There is always a demand for apps that provide comprehensive integration of mobile devices with computers and vice versa. While Motorola took the concept to a whole new level with the Motorola Atrix and its Webtop capability, not all of us can afford such expensive devices. LazyDroid is a free app for Android that allows you to control your device from your computer via a simple web-based interface. The app does so through both WiFi and USB, making it quite a versatile tool. For more on this wonderful application, read on!
Now, when we tested this application on our Android devices, we were quite thrilled by the features and potential this app boasts. We say “potential” as the app is in its beta version (as of now) and has been found to have a few limitations and the odd bug here and there. However the app, still young, is set in the right direction and hopefully these bugs would be removed and more powerful features added in the future. Let’s walk you through with the basics of this fairly simple app.
First of all, this (screenshot above) is how the interface of the app looks like on the phone, showing you the address local web server you need to connect to through your PC internet browser. Tap the power button to switch the app on or off and leave it running in the background to continue using your phone.
Typing in the server address shown in the mobile app will open Lazy Droid’s Web Desktop interface in your internet browser. The interface is fairly simple, resembling any modern day desktop OS. You have various options such as:
- Remote View
Clicking on the Start button shown in the window above opens up a Windows-like Start Menu which simply contains elements shown on the main interface.
But before we move onto the features, we told you how to connect to your phone via WiFi, but not through the USB which is a fairly simple thing to do. In the above screenshot, you can see an icon named Download USB Client. Click on it and the client will be downloaded to your computer. Once that is done, you may run the client from your computer as shown in the screenshot below.
Simply click on Open LazyDroid and you’ll be taken to the web desktop.
Now, moving on to the SMS feature. This allows you to read and send texts from your phone via the web desktop interface. However, while the service claims to be able read texts from your phone, we found it unable to do so on any of our Android devices, failing to go beyond the Loading Threads message in each case.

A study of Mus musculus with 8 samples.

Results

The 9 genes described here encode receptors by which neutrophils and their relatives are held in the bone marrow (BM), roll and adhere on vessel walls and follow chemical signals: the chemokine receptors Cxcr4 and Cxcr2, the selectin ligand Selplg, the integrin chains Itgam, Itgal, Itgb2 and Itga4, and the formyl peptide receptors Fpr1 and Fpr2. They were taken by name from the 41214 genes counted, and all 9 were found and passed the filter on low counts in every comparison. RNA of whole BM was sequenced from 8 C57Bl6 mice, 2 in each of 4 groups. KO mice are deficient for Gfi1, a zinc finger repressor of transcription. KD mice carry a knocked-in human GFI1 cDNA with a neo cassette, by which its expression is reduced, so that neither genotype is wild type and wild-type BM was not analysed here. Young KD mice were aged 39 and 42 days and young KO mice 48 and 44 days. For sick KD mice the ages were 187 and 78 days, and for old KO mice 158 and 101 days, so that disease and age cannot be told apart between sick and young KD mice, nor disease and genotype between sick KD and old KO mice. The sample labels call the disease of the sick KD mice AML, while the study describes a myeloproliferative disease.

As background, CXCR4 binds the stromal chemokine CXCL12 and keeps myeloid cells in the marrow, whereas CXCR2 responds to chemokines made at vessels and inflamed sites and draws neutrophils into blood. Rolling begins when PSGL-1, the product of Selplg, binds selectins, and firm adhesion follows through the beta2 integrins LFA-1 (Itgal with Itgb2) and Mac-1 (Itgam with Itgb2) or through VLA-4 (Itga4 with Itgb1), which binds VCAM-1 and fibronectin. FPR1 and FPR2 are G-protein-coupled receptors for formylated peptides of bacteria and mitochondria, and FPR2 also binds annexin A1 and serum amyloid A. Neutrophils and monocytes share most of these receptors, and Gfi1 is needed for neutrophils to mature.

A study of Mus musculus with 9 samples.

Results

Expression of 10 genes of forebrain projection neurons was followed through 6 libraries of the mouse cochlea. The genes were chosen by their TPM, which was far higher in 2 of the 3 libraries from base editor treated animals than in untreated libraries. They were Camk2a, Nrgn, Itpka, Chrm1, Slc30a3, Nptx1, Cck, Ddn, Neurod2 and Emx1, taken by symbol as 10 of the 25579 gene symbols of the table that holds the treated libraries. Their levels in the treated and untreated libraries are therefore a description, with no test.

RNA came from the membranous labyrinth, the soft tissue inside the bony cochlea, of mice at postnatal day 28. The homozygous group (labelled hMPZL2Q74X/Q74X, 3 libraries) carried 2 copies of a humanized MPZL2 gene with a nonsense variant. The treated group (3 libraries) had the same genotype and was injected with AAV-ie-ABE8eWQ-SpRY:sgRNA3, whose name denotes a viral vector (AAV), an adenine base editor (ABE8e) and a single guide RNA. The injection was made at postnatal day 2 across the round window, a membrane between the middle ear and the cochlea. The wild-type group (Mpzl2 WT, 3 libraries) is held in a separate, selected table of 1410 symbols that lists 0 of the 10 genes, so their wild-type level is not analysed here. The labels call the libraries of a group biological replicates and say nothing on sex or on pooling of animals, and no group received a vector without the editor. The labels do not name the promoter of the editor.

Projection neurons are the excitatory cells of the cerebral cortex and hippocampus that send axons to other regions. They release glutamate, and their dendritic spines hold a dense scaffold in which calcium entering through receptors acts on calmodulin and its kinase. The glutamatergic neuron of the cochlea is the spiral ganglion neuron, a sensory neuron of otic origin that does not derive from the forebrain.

Contacts allows you to see and edit all of your contacts, even so allowing you to make calls by pressing the call button in the interface.
Camera is the feature with the most potential, and considering the app is a free one, you cannot complain about the lag in the frame rates. You can adjust the quality, resolution and fps, but this feature still needs a bit of polishing. Furthermore, the streaming tends to freeze continually, after which it may or may not resume. When it doesn’t, restarting the app often helps. The app also provides MPEG streaming. Unfortunately, said feature does not seem to work as of now. We tested it on Opera, Chrome and Internet Explorer and it failed to work on all three browsers.
The Remote view feature too, sadly, did not work for us at all. All we got at best was corrupted graphics and at times it just completely failed to load. Yet again, we tried it on all three mentioned browsers. Remote View gives you the same tweaking features provided in the Camera feature.
Sensors, as the name implies, shows you the stats of all the sensors on your device, including feedback from light and proximity sensors, the compass and your location on Google Maps via GPS.
Lastly we have Clipboard, a simple but useful feature that allows you to copy and/or edit clipboard text (text copied to clipboard) from your device to your PC, and is particularly useful for transferring lengthy and complex web addresses from PC to device and vice versa.
LazyDroid Web Desktop is immensely helpful for remotely accessing your Android phone while working on the computer without having to pick up the phone all the time. Because you just have to enter the server address in the browser, you can use it from Windows, Mac, or Linux.
All in all, we found the app to be too good to be true, or rather, too good to be free. And hopefully, as future updates come along and the mentioned bugs are eliminated, it will emerge as a mainstream app for Android devices, providing users with a much needed all-in-one, device-to-computer integration platform.